This is one of the main reasons why I love history so much.
Throughout our planet’s long history, countless civilizations have risen and fallen. Yet, they left a mark in antiquity by building incredible cities that challenge our very own understanding of history.
In this article, we take a look at some of the most incredible ancient, lost cities you’ve most likely never heard about.
Angamuco—a lost, undocumented city
Angamuco is a long-lost city in Mexico that is believed to have had as many buildings as Manhattan. The city was uncovered using laser surveying technology in Western Mexico.
It is believed that at its prime, the ancient city of Angamuco had around 40,000 structures spread over an area of approximately 25sq km, meaning that it’s roughly about the same number of buildings as Manhattan, but on a much smaller plot of land.
Termessos—The Ancient City That Alexander the Great didn’t conquer
A city that Alexander the Great wanted to conquer but never managed to.
Termessos was founded on a natural platform on top of Güllük Dağı, near Antalya in modern-day Turkey, soaring to a height of 1,665 meters.
Hidden within a mountain, the city was under siege by Alexander Great in 333 BC. However, he never managed to conquer it.
The city features a Roman-style theater built to house five thousand spectators.
The city of Termesos was abandoned in 200 AD after an earthquake destroyed essential parts of the city, including its primary aqueduct.
Baial—The Lost Las Vegas of Rome
Baia was an ancient city dubbed by experts as the Las Vegas of the ancient Roman Empire. After being sacked and abandoned, it eventually sank in a bay near Naples. Today, the city is visited by divers who enjoy incredibly well-preserved buildings and statues.
Ruins of Gedi
Located near the Indian Ocean, east of Kenya. The ancient city of Gedi included a massive wall that protected the town. Colonialists first discovered the Gedi ruins in 1884 after a British resident of Zanzibar, Sir John Kirk, visited the site. Most archaeologists agree that the city was of great commercial value. The city was one of the most advanced ancient sites in the region. Guess what? Its inhabitants had flush toilets hundreds of years ago!
The Legendary City of Troy
Thought to be a mere myth, the ancient city of Troy was found in modern-day Turkey. According to Homer’s epic poem, the Iliad, it was here where the Trojan War took place.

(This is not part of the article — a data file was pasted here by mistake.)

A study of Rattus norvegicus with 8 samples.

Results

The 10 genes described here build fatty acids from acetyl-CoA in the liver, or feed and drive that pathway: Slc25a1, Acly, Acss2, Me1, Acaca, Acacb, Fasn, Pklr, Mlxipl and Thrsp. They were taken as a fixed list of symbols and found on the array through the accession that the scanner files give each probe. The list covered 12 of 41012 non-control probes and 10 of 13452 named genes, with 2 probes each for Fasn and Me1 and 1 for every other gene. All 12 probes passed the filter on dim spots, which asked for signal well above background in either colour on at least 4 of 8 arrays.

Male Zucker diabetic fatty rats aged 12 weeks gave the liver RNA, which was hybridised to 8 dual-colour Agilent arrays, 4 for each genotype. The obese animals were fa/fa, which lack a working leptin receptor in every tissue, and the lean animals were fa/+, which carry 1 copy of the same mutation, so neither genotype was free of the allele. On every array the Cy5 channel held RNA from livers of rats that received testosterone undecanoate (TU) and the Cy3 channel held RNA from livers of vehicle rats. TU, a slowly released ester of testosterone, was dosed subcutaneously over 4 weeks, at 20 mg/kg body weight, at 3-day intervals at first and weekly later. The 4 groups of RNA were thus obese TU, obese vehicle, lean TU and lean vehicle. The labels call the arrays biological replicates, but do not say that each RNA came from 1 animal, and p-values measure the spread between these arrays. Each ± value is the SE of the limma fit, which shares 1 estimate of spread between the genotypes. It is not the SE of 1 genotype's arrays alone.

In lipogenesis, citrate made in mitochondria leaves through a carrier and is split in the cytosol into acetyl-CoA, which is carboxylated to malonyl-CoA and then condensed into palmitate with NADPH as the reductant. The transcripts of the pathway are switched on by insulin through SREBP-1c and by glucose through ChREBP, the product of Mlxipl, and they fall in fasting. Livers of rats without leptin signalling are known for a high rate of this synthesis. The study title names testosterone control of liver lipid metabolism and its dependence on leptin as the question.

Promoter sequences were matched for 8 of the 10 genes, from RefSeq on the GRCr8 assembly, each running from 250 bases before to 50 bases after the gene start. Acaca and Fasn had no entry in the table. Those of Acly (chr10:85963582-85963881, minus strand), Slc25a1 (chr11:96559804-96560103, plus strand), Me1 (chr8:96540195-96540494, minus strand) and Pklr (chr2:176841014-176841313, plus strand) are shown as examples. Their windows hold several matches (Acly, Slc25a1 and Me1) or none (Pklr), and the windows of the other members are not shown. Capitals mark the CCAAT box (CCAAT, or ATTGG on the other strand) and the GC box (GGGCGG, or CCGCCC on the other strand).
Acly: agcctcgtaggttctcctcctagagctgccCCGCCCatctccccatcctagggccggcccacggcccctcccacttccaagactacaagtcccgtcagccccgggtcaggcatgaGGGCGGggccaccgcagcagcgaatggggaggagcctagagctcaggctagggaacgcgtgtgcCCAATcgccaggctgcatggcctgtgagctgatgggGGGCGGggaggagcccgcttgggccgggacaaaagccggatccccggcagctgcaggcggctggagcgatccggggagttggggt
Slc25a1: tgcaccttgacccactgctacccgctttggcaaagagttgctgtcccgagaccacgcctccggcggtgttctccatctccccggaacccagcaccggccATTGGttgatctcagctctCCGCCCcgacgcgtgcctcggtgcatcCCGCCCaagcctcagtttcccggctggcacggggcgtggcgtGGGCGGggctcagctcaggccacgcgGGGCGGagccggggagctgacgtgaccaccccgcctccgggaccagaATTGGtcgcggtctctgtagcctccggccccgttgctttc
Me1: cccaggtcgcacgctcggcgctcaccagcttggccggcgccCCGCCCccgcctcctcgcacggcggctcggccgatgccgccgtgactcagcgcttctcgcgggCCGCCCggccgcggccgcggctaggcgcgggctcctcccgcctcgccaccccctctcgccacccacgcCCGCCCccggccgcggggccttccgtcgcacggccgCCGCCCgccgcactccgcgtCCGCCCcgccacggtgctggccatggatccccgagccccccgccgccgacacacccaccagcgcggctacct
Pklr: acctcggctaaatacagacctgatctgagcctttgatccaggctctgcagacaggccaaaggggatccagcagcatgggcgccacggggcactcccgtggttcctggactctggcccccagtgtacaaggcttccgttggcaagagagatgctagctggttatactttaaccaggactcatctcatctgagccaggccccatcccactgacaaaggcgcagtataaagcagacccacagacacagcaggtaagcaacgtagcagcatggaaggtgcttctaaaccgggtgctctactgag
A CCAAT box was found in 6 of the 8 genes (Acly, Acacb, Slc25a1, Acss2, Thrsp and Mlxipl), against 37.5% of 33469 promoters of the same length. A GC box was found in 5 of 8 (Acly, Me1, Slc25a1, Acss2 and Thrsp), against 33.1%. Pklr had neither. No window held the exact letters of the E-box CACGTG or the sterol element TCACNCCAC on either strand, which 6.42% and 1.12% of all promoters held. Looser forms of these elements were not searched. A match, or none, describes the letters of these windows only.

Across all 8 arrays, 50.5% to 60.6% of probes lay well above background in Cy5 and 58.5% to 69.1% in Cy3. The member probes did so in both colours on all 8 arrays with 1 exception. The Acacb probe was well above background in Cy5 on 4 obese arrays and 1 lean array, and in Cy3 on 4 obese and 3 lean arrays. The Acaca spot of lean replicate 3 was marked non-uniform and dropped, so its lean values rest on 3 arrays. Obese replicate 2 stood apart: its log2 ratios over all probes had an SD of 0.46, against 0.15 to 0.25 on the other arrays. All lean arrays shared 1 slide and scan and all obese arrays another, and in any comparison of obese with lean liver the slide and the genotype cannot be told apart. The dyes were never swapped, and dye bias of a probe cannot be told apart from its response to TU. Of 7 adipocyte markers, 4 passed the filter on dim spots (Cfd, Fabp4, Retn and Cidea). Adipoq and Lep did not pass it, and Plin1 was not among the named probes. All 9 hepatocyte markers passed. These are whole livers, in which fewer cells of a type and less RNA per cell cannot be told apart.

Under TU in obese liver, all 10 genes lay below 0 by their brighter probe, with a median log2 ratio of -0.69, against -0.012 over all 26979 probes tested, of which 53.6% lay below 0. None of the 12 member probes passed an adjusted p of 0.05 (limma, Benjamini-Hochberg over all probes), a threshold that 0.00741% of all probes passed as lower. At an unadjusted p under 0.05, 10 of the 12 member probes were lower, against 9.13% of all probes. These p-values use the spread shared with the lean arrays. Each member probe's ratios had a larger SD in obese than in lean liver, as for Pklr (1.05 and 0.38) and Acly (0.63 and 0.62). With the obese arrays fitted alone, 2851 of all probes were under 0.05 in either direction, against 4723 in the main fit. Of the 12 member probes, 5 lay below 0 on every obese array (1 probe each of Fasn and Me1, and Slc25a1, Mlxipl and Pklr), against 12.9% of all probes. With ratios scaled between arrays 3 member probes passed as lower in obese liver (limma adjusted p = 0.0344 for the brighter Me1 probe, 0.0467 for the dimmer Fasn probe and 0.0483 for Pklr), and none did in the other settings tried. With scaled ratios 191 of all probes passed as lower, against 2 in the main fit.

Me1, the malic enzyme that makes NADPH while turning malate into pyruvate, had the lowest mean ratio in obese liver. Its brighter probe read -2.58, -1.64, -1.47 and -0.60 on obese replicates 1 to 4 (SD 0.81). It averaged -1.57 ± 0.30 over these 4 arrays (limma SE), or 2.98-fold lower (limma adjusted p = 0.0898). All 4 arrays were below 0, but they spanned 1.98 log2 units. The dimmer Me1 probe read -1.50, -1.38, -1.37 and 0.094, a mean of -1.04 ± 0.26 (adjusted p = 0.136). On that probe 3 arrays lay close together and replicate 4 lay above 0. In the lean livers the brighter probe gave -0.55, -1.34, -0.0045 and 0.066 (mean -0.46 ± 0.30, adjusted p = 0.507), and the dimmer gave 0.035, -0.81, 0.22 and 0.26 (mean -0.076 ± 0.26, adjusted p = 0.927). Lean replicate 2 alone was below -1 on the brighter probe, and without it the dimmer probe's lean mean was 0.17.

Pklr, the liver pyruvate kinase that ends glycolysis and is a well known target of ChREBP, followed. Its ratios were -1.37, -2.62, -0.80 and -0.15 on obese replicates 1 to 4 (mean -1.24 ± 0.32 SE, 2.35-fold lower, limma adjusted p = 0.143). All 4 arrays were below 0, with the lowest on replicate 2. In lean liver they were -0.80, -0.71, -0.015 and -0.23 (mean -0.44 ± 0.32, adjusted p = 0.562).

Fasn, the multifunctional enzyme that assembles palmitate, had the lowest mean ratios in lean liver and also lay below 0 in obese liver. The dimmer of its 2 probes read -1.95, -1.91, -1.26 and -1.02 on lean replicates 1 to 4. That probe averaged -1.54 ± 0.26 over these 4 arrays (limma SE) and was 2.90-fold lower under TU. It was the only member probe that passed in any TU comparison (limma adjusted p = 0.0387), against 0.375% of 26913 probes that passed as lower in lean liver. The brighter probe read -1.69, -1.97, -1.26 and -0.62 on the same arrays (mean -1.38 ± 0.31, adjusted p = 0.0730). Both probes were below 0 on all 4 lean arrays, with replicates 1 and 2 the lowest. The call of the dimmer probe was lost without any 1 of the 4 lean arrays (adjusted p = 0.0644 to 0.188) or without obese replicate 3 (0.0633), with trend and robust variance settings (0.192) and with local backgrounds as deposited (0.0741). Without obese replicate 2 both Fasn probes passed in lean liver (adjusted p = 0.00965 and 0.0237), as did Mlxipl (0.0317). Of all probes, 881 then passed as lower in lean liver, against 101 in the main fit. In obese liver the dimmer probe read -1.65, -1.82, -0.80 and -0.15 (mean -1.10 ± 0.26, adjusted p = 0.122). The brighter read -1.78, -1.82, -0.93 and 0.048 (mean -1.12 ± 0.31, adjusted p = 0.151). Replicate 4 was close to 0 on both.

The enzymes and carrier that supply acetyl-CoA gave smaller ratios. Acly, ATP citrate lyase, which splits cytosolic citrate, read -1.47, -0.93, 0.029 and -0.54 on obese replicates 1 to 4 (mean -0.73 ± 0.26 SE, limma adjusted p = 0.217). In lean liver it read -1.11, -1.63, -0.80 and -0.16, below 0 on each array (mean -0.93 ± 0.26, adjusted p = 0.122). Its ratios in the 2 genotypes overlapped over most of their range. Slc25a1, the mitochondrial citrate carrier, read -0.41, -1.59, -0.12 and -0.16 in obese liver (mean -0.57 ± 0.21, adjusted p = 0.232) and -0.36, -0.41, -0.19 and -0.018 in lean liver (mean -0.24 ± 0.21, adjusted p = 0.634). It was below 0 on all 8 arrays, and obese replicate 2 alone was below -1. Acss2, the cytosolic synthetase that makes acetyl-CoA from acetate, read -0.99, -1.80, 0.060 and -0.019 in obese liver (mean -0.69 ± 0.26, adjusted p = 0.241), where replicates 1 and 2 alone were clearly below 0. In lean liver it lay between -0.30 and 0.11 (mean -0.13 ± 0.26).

Today, the archaeological site of Troy is home to a treasure trove of historical artifacts. In addition, the site contains several layers of ruins. The present-day location is known as Hisarlik.
Timgad—The Lost city of the Roman Empire
Founded by Emperor Trajan around 100 AD, Timgad was a Roman military colonial town in modern-day Algeria.
The ancient city is famous for representing one of the best-preserved examples of the grid plan used in Roman town planning.
Chan Chan—Peru’s little-known diamond
Peru is home to countless incredible archaeological sites. One of them is Chan Chan. Archaeologists consider this ancient city the largest city in pre-Colombian America.
The city is home to several walled citadels, which are believed to have housed ceremonial rooms, burial chambers, and temples.
Around 30,000 people called the city of Chan Chan their home.
Chan Chan’s buildings were built using adobe brick and were finished with mud that was adorned with patterned relief arabesques.
Vijayanagara—one of the largest ancient cities in the world
The ancient city of Vijayanagara was one of the world’s largest cities, home to more than 500,000 inhabitants. The ancient Hindu city flourished between the 14th century and 16th centuries. The city was the capital of the Vijayanagara Empire. The name translates as “City of Victory.”
Ctesiphon—one of the greatest cities in Mesopotamia
The ancient city of Ctesiphon was one of the largest cities on the surface of the planet and one of the most imposing cities in ancient Mesopotamia.
Ctesiphon was captured by Rome and the Byzantine Empire five times. The city is located on the eastern bank of the Tigris. Ctesiphon is believed to have been founded sometime in the late 120’s BC. Today’s most conspicuous structure is the Taq Kasra, sometimes called the Archway of Ctesiphon.
Ciudad Perdida—The Lost City of Colombia
Located in the Sierra Nevada of Colombia lay the ruins of a Lost City. Believed to have been founded around 800AD, the city is home to countless terraces carved into the Colombian mountainside in ancient times.